These days, we hear the words "Great Depression" thrown around a lot whenever the talking heads on TV are talking about the state of today's economy. As Savvy Frugality has stated before, the U.S. is NOT anywhere near Great Depression territory. During the Great Depression, one out of every four Americans was out of work, thousands of banks failed and the stock market plummeted some 90 percent. Things are bad...but they aren't that bad.

As Savvy Frugality has stated since September 2007, the U.S. is indeed in a recession, and a deep one, at that. Now, economists are agreeing. According to the National Bureau of Economic Research, the U.S. has been in a recession since December of 2007.

First, the bad news:

At one year, this ranks as one of the worst recessions since World War II. Only two recessions since then have lasted longer.

Unemployment is probably going to get worse before it gets better.

If the U.S. doesn't recover during the next year, we are likely headed for a depression.

Now, the good news:

Recessions last an average of ten months. The worst recessions lasted 16-24 months (1973-1975, 1981-1982). Chances are we could already be on the road to recovery.

The stock market may have already hit bottom. If the U.S. economy recovers in 2009, that means stocks will be headed back up. Good news for those who took advantage of the fire sale and snatched up quality stocks while they were cheap.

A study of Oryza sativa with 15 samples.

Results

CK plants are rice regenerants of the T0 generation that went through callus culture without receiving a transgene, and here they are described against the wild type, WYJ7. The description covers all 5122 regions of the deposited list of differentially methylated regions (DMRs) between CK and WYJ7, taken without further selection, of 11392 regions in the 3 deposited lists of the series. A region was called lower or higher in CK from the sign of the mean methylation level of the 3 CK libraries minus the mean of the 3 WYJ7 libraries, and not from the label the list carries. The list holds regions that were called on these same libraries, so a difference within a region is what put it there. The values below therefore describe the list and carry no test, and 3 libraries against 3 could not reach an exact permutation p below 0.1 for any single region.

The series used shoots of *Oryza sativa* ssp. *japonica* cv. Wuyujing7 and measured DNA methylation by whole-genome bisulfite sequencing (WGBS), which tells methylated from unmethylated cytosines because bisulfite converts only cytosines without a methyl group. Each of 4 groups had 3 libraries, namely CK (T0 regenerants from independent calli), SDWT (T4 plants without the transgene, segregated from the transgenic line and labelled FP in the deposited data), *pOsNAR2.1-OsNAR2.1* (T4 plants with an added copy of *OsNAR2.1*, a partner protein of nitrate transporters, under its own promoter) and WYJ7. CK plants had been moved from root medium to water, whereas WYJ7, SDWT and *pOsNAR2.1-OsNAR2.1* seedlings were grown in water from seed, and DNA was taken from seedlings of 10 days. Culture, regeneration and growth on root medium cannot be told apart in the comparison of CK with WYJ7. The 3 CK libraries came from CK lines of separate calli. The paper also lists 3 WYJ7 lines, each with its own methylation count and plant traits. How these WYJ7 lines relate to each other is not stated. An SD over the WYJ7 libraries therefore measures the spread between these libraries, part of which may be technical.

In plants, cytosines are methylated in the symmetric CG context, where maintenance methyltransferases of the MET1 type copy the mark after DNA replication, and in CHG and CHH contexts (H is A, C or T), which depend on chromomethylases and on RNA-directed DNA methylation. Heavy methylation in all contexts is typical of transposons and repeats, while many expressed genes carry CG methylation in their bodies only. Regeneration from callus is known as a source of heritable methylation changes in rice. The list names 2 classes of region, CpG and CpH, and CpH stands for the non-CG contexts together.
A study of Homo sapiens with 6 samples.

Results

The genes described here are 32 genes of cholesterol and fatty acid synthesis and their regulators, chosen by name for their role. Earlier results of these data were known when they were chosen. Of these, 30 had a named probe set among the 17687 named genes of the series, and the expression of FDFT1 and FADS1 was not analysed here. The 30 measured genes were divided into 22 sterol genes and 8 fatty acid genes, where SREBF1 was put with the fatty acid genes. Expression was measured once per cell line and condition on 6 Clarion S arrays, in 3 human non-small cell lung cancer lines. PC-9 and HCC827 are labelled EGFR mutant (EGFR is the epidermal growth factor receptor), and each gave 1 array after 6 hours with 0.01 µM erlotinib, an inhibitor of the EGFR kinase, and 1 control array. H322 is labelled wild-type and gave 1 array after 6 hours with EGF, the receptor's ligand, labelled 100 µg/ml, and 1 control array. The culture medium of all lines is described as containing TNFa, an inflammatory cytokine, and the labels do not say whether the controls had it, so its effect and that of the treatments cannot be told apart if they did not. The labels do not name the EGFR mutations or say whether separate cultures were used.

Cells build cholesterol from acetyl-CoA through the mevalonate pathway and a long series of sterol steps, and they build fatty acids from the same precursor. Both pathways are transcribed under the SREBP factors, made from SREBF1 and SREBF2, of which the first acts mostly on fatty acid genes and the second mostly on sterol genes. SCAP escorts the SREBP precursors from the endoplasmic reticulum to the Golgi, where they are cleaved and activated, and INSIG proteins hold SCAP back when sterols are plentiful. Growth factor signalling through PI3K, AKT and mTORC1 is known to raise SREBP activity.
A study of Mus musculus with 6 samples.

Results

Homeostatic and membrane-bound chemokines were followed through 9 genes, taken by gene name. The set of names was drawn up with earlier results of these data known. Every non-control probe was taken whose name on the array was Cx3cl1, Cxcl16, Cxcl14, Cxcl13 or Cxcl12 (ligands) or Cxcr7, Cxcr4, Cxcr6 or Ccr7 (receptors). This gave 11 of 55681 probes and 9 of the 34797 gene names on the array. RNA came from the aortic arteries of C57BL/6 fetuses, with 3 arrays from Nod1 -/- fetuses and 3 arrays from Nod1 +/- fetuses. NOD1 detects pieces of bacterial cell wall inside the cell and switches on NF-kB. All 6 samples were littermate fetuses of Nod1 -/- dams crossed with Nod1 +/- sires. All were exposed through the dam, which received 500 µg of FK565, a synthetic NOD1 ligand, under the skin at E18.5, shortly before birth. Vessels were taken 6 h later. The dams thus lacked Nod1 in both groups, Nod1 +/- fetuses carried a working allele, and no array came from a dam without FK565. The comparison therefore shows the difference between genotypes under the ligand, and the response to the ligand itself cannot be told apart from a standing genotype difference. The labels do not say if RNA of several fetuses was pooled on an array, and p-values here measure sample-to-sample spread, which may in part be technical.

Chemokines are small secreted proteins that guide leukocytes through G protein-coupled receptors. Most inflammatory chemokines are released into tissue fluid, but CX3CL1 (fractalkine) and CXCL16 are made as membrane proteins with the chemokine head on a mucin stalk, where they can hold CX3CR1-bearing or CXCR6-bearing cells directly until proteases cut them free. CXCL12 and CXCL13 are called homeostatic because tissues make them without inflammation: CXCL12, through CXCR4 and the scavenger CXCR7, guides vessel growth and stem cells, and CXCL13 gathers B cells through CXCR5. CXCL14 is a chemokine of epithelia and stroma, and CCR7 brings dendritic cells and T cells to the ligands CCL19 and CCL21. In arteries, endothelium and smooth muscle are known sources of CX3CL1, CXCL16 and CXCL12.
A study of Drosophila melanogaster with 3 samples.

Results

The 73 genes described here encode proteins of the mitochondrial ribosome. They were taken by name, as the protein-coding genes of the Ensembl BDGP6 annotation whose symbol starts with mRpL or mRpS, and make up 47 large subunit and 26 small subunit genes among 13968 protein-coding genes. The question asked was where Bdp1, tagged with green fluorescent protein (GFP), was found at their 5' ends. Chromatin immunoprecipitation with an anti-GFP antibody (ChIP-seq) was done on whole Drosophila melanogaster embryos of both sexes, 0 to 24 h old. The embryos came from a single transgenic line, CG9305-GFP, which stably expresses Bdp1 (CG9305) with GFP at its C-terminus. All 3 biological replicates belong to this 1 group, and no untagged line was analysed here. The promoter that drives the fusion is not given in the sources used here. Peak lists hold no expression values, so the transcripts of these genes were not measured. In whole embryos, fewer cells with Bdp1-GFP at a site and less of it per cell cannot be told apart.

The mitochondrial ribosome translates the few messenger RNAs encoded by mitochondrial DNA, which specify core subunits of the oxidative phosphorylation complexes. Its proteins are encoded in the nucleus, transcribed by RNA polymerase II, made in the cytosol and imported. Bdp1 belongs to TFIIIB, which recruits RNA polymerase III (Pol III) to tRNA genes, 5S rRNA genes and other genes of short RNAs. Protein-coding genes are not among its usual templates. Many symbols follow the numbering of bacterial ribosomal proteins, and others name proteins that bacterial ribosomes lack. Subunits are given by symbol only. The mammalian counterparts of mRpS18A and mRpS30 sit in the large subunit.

The U.S. government, or at least the people who manage the U.S. economy, KNOW things stink right now, and they have plans to do something about it. The U.S. slides into depression when the policymakers literally do nothing (like during the Great Depression). Regardless of your politics, it is unlikely President-Elect Obama will do nothing. He won the election based upon his plans to fix the economy. He'll have to do SOMETHING, or risk becoming a one-term president.

So, how does the government try to fix the economy and end a recession? In the past, government spending and tax cuts have been used to shock the economy back to life. Obama has proposed doing both. Will it work? We may have our answer within the next six months. It all depends on how quickly the U.S. government acts to employ one or both of these policies.

Savvy Frugality Recommended Reading:
The Worst is Yet to Come?


  1. ryan // December 1, 2008 at 8:52 PM  

    Ya think? Citibank the biggest bank in the world cannot operate with our money. Fannie and Freddie the largest mortgage lender in the world are penny stocks and controlled by the US governemnt, the largest commercial insurer AIG is owned by the government, the 5 largest investment banks are no longer. I won't waste my time and say anything else except either you are uneducated or your lying.

  2. SavvyFrugality // December 2, 2008 at 8:23 AM  

    Well, an economic think tank and the U.S. fed chairman are in agreement with the premise of my post. I have studied the history of the Great Depression and economics (although I would not call myself an economist or economic expert). I have no reason to lie about the economy, so I'm not sure what you're basing that premise upon. So, I am neither uneducated nor am I lying.

    The problems with Fannie and Freddie were created by deregulation which allowed them to give mortgages to people who could not afford to repay them. The problems at AIG and Citibank were created by, well...AIG and Citibank and the people who run them. While bailing them out is distasteful, doing nothing at all would be even worse.

    I guess history will be the judge of whether I am right.